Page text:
My gosh, after coming back from a 2+ week vacation (the longest I’ve ever taken), I’m basically braindead. I’m a numbers guy, but for the life of me my logic is utterly failing me, even when I have a pen and paper in front of me.
Just yesterday I posted about how I plan on taking advantage of Delta’s 100% mileage transfer bonus, essentially creating an opportunity to earn Delta miles at around 1.1 cents each.
Delta miles are funny. On one hand they’re the least valuable mileage currency, but on the other hand they’re often the best positioned for the most difficult award redemptions. V Australia business class to Australia is only 150,000 Delta SkyMiles, and they have excellent availability. Air Tahiti Nui or Air France business class to Tahiti is also 150,000 Delta SkyMiles. Air France business class to Mauritius, which I’ve been tempted to visit for a long time, is only 120,000 miles. And even a ride in business class on the Korean Air A380 to Asia is 120,000 miles. Or I can redeem a roundtrip coach ticket from Tampa to Atlanta on Delta for only 236,000 SkyMiles. 😉
So while Star Alliance miles and OneWorld miles are generally much more valuable, Delta miles would allow me to have several new experiences that I couldn’t really have through Star Alliance or OneWorld.
The other funny thing is that I actually have faith in Delta SkyMiles. The general advice is to never buy miles without a specific redemption in mind, and I usually totally agree with that. That’s why I have a hard time taking advantage of US Airways’ 100% bonus on purchased miles promotion unless I have a redemption planned within the next couple of months. Because US Airways miles are too good to be true, I always have the suspicion in the back of my mind that they’ll double their award chart from one day to the next (maybe that’s extreme, but I wouldn’t put it past them).
Delta miles, not so much, especially after last week’s further devaluation. So perhaps it’s twisted logic, but the miles are already considered to be the least valuable, to the point that I can’t imagine them further devaluing miles substantially. I suppose there’s comfort in being the worst.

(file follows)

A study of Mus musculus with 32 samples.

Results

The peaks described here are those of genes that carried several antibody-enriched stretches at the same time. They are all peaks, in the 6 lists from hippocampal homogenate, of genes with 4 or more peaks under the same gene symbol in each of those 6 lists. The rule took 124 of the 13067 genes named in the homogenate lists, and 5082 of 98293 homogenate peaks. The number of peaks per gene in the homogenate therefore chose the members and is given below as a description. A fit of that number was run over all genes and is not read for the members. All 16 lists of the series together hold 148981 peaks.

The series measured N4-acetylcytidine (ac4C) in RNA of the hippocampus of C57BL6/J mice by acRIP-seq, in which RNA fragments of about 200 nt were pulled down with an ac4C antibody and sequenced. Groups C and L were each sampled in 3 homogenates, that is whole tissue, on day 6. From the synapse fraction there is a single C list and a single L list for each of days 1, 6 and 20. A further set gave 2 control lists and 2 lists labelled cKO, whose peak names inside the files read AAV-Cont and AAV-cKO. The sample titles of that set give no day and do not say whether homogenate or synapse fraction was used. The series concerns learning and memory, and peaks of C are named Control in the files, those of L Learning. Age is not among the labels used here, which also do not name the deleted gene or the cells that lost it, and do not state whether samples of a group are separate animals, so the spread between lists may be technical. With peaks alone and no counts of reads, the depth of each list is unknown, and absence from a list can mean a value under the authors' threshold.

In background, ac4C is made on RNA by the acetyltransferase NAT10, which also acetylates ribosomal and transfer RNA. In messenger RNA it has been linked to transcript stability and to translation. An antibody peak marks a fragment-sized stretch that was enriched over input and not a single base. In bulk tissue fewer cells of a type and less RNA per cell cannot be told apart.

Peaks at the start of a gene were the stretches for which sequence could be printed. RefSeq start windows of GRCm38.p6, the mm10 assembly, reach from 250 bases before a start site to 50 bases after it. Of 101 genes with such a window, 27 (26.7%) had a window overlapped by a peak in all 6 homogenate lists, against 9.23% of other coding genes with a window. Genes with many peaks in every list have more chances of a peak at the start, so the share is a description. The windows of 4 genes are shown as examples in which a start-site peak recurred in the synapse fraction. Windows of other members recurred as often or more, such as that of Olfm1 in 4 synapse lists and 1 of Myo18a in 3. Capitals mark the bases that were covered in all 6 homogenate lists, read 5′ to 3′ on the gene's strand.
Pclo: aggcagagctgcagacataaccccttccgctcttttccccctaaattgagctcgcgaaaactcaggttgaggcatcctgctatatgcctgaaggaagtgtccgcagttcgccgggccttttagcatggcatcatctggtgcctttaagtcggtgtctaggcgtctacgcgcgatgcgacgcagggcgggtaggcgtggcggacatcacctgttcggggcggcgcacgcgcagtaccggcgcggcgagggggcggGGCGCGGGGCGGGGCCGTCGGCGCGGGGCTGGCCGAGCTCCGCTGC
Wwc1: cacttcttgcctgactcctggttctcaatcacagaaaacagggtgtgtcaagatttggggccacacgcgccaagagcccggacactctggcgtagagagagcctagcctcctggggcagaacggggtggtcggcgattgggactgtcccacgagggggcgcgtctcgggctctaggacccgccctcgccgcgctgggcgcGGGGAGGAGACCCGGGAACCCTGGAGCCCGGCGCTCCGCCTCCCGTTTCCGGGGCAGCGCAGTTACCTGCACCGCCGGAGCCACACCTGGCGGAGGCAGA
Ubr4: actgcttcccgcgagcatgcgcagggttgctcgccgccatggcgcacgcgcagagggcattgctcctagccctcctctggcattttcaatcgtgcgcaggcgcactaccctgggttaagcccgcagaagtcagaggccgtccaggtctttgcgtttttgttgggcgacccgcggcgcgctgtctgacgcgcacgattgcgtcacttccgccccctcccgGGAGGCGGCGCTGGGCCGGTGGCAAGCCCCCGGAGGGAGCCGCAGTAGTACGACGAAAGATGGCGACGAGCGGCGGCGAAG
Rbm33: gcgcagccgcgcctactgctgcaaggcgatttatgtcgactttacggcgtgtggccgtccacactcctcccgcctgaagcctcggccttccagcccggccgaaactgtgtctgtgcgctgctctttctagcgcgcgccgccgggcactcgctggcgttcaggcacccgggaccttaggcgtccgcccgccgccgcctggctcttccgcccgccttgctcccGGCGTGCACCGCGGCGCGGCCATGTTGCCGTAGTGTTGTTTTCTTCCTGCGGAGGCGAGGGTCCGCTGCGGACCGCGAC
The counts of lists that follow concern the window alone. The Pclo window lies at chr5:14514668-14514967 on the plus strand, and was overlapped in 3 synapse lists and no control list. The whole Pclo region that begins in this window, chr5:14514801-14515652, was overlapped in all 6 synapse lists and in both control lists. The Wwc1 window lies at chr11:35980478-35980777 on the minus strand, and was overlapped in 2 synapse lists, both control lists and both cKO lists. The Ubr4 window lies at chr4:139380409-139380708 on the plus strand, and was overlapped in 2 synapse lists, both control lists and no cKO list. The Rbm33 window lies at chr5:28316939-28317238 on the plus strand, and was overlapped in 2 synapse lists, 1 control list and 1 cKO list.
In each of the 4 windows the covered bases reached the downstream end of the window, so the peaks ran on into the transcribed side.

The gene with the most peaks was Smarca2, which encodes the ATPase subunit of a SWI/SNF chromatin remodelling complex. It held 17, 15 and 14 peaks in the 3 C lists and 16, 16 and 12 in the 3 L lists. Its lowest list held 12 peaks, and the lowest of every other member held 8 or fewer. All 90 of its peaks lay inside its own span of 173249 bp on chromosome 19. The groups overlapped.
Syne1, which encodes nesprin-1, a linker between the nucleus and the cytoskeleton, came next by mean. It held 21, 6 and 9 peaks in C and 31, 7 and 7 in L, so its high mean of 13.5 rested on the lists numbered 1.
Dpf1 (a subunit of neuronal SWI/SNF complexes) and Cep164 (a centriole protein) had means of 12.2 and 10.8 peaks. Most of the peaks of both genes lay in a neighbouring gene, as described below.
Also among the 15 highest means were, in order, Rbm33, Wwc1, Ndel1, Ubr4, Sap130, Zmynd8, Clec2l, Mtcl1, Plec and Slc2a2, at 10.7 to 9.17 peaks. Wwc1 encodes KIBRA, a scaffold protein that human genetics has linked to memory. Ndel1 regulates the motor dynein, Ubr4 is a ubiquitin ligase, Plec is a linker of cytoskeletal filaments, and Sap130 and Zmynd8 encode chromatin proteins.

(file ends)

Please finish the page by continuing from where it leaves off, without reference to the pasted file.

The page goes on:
With that in mind, I do plan on taking advantage of this promotion, and I’m looking for a math whiz to help me out here. Usually I’m sharp with numbers, though my brain still hasn’t recovered from my trip (the only phrase constantly going through my mind is “how is my pressure?”).
Through Delta’s 100% transfer bonus promotion you pay one cent per mile transferred, plus a $30 transaction fee for every chunk of 30,000 miles transferred. What I found out from the comments section on yesterday’s post is that you can actually transfer miles to multiple accounts under the same transaction fee. In other words, if I have 30,000 miles to transfer, I can transfer 30,000 miles to a single different account and pay $330 (one cent per mile plus the $30 transaction fee), or transfer 10,000 miles to three different accounts and still pay the same.
As of yesterday my plan was as follows, given three accounts with 25,000 miles, 43,000 miles, and 133,000 miles:
Therefore my plan would be to transfer 25,000 miles to the account with 43,000 miles, at a cost of $280 (one cent per mile plus the $30 transaction fee). Then there would be 93,000 miles in the account (43,000 miles that were in there, plus the 25,000 miles transferred, plus the 25,000 mile bonus). Then I would plan on transferring 90,000 of those miles at a cost of $990 to the account with 133,000 miles in it.
I would then have 313,000 miles in the account (133,000 miles that were in there, plus the 90,000 miles transferred, plus the 90,000 mile bonus).
My total out of pocket would be $1,270, and I would gain 115,000 miles. In and of itself that’s not a bad deal, though more importantly my miles would be better positioned for redemptions. Instead of having miles in three different accounts, I would have over 300,000 miles in a single account, more than enough for two business class tickets to Australia on V Australia (or to a ton of other destinations)
Of course at the time I hadn’t factored in that I could transfer miles to multiple accounts in a single transaction.
With that in mind, I actually have four accounts. One with 4,000 miles, one with 25,000 miles, one with 43,000 miles, and one with 133,000 miles. I’m looking to get as many miles as possible into the largest account, though am trying to figure out how best to maximize it. Obviously the way to do that would be to constantly transfer as close to 30,000 miles per transaction as possible, since the cost that varies is the $30 per 30,000 mile transaction fee, while the cent per mile transfer fee is constant.
With each transfer the miles get doubled.
So economists and mathematicians, how do I maximize the value of these transfers? I’ve literally sat here with a pen and paper for 30 minutes, though I’m going nuts. I don’t mind transferring back and forth multiple times, and I’m even wondering if using that 4,000 mile account would add any value.
So can anyone beat the deal in the quoted area above?
The winner gets the title of One Mile at a Time Math Whiz (don’t try it as a pick up line, trust me).